U.S. District Judge Thomas P. Jackson left intact yesterday a new D.C. law banning surveillance of city liquor stores by out-of-state revenue agents trying to catch tax-evading consumers.

Jackson rejected arguments by lawyers for the state of Maryland for a temporary restraining order to block the statute, saying they had failed to prove the law is unconstitutional.

Jackson ordered lawyers for both sides to submit more detailed written arguments by Dec. 28, however, and indicated that he will reconsider the issue soon afterward.

The court action is the latest round in a perennial feud between the District and Virginia and Maryland, which contend they lose major tax and sales revenues when their residents buy liquor in the District. The legal limit is one quart in Maryland and one gallon in Virginia.

Pennsylvania also has sent agents into the District, according to court papers.

Jackson agreed with Maryland that the state would suffer "immediate and irreparable injury" if the restraining order was denied.

"Both the equities and the public interest lie with Maryland," he said.

But he added that the state had failed to convince him that it was likely to win in a trial on the constitutional merits of the issue -- one of the legal requirements for granting a temporary restraining order.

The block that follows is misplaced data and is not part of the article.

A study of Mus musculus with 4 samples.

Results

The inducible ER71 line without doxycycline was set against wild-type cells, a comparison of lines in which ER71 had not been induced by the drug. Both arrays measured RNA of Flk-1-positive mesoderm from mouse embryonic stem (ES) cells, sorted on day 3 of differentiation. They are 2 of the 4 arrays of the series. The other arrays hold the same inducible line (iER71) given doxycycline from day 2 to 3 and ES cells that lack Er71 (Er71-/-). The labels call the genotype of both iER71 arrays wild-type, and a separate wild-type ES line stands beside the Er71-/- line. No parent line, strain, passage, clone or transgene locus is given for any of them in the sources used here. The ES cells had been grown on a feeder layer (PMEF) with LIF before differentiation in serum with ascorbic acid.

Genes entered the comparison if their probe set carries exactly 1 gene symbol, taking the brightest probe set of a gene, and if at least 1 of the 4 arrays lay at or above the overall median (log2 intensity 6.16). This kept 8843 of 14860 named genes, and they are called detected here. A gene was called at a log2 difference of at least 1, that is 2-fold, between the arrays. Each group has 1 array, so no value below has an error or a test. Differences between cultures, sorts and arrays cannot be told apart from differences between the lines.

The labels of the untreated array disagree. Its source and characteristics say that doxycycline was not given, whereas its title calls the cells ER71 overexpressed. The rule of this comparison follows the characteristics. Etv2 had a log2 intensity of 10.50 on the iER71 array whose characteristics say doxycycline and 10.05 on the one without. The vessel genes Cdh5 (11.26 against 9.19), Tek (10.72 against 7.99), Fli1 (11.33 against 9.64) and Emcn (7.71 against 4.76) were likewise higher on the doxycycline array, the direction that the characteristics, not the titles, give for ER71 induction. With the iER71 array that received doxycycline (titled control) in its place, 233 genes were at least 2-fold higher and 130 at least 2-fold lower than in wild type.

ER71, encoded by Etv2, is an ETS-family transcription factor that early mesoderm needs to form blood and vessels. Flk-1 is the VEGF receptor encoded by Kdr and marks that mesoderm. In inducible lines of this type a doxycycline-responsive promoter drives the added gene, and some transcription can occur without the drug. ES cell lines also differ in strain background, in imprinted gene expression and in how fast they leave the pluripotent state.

In a written order denying Maryland's request, the judge chided the District for passing the new law.

Cooperation, he said, "ought to attend the relations of sister jurisdictions, at least to the point of mutual assistance to, rather than obstruction of one another's enforcement of their duly enacted revenue laws.

"The District's legislation actually facilitates the violation of those of Maryland, while serving no substantial interest of its own, other than the enhancement of its own tax revenues at Maryland's expense and the economic interest of its liquor merchants in an increased market of would-be breakers of Maryland law."

The District was joined yesterday in defending the statute by a lawyer for the Mid-Atlantic Liquor Consortium, a group of about 30 D.C. liquor outlets.

The D.C. City Council adopted the law Dec. 4 at Mayor Marion Barry's request. The emergency legislation bans surveillance for 90 days.

Previously, out-of-state revenue agents who obtained surveillance permits from D.C. police were allowed to monitor cars with non-District license tags. Customers could be stopped if they carried illegal quantities of liquor across state lines.

Lawyers for the District argued that the presence of armed, out-of-state agents posed a threat to public safety, caused disturbances at city liquor stores and prompted the decline of D.C. liquor sales.